Monday 9 December 2019

CRH blames euro crisis and weather for tough start to 2012

Irish Cement workers protest outside CRH's annual general meeting in the Royal Marine Hotel in Dun Laoghaire yesterday over a pay dispute
Irish Cement workers protest outside CRH's annual general meeting in the Royal Marine Hotel in Dun Laoghaire yesterday over a pay dispute
John Mulligan

John Mulligan

CRH said yesterday that earnings lagged in the four months to the end of April due to a "tough start" to the year at its European operations, which were beset by the effects of cold winter weather.

However, it expects overall like-for-like sales growth this year and has completed €230m worth of acquisitions so far in 2012.

In a trading update ahead of yesterday's annual general meeting, CRH said its US operations had benefited from good weather conditions and a stronger construction market.

Trading in its European operations in the first four months of 2012 has been affected by the severe weather conditions seen in February, as well as the eurozone debt crisis.

Its operations in Ireland, Spain and Portugal are facing challenging market conditions, CRH added.

The CRH board faced a barrage of criticism yesterday from businessmen who alleged that CRH and its subsidiaries have been engaged in anti-competitive behaviour for a long number of years.

Chairman Kieran McGowan, who formally retired his role following yesterday's meeting, denied the allegations. Litigation surrounding a case taken by Sligo businessman Seamus Maye against CRH and firms including Kilsaran and Readymix has been recently winding its way through the courts.

Representatives of the Ireland Palestine Solidarity Campaign voiced their concerns again this year over CRH's 25pc stake in Israeli cement firm Mashev.


The organisation has been calling on CRH for a number of years to sell its holding in the business.

Cement made by Mashev's Nesher unit has ultimately been used to manufacture concrete products that were used to construct a wall that divides the West Bank from Israel. A petition was also delivered to the CRH board during the AGM by the pressure group.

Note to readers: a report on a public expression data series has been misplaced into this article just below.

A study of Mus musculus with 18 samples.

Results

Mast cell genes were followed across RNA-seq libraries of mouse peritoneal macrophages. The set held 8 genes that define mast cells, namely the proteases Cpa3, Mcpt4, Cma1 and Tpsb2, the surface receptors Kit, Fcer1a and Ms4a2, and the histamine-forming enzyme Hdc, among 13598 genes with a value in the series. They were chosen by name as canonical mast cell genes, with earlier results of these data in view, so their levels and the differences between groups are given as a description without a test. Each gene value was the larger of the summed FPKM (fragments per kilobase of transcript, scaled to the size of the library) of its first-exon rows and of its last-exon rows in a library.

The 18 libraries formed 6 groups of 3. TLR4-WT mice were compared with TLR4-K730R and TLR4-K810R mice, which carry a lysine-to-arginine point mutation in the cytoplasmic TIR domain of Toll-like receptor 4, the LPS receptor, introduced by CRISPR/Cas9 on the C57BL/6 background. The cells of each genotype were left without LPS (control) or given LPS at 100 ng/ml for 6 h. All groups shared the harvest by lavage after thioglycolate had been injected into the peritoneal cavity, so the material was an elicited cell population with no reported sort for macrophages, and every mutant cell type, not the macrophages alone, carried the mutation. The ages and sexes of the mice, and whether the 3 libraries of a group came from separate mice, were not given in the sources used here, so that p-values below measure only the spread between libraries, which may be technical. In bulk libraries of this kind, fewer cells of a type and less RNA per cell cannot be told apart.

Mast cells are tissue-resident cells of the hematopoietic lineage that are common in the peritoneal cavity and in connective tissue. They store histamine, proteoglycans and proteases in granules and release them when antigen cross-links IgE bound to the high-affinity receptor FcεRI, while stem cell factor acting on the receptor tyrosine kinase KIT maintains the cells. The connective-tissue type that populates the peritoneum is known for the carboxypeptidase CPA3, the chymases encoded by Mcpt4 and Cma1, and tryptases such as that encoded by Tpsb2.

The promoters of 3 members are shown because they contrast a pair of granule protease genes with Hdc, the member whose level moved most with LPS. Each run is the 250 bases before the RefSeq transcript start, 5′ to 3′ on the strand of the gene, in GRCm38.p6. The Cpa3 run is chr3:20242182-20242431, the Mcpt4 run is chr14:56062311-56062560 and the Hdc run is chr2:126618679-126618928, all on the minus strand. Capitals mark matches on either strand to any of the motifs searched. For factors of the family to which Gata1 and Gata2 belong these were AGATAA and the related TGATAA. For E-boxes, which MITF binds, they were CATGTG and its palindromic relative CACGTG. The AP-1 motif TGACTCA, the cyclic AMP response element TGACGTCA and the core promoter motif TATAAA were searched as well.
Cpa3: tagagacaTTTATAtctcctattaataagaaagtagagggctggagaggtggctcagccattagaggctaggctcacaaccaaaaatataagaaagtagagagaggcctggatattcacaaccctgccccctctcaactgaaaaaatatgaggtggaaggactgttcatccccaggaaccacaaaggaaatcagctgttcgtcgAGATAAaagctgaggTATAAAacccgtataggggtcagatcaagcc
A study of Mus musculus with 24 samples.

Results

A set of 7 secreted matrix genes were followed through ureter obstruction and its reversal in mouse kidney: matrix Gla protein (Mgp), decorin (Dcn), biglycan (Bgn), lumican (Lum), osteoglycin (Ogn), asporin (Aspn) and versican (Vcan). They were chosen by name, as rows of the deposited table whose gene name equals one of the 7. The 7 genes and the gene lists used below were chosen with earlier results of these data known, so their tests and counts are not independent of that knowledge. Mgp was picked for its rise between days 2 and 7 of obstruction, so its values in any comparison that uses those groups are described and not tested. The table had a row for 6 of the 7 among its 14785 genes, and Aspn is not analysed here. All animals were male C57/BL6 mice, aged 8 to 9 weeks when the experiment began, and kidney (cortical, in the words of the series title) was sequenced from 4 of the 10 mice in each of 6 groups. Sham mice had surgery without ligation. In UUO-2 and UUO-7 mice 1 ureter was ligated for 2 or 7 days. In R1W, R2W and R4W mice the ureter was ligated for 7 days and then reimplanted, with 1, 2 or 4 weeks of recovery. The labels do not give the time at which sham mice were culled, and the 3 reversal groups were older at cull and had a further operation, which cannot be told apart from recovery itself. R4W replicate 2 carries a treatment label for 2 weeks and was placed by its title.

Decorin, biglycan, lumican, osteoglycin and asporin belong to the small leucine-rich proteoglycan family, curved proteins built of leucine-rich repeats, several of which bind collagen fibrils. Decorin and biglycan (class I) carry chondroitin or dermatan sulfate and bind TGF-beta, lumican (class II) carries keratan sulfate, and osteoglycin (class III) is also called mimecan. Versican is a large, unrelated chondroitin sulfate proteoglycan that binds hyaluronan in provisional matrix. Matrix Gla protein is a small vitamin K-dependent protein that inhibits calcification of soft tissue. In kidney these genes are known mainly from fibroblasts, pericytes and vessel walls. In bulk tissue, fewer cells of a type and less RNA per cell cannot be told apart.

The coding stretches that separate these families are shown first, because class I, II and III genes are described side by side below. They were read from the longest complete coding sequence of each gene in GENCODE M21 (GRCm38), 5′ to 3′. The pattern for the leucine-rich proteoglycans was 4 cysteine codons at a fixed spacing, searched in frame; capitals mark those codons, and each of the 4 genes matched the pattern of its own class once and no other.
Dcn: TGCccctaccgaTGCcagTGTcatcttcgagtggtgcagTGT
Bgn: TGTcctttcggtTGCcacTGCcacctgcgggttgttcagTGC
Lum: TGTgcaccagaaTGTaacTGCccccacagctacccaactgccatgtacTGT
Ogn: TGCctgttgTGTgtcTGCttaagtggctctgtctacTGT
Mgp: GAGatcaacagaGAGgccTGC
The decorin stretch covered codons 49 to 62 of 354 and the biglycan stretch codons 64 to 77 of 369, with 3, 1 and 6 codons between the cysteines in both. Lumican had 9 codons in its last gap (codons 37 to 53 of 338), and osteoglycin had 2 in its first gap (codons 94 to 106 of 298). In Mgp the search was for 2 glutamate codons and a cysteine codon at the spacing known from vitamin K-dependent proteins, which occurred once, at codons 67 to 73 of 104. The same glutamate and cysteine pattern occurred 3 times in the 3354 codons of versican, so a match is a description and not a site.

"We'll consider that obviously," said CRH chief executive Myles Lee.

"We respect people's positions. We have a 25pc in a business that produces cement. We're not involved in the manufacture of concrete products there. That business can't discriminate against who it sells to."

Nesher also sells cement to the Palestinian Authority.

CRH also hopes to resolve industrial action at its Irish Cement factories at Platin, Co Meath, and Castlemungret, Co Limerick. The five-week dispute, involving about 100 workers, has halted production at the plants.

Conciliation talks are due to get underway today.

Mr Lee has claimed that a No vote in the upcoming fiscal treaty referendum could send out damaging signals to international investors.

"As we go around our investors, we certainly find Ireland is perceived to be in a much better place than it would have been two years ago in terms of the response to the crisis on a whole pile of fronts and in terms of the export potential of the economy," said Mr Lee, who was speaking following the CRH annual general meeting in Dublin yesterday. The company is Ireland's biggest.

"So I suppose anything that puts that under question again would not be positive internationally for Ireland."

Mr Lee also said that he does not believe a negative outcome of the referendum would position Ireland for a departure from the single currency project, which has been under intense pressure during the financial crisis.

"I don't think the outcome of the referendum will be a catalyst for Ireland exiting the eurozone or anything like that.

"Ireland has been restoring its position internationally over the past couple of years," he said.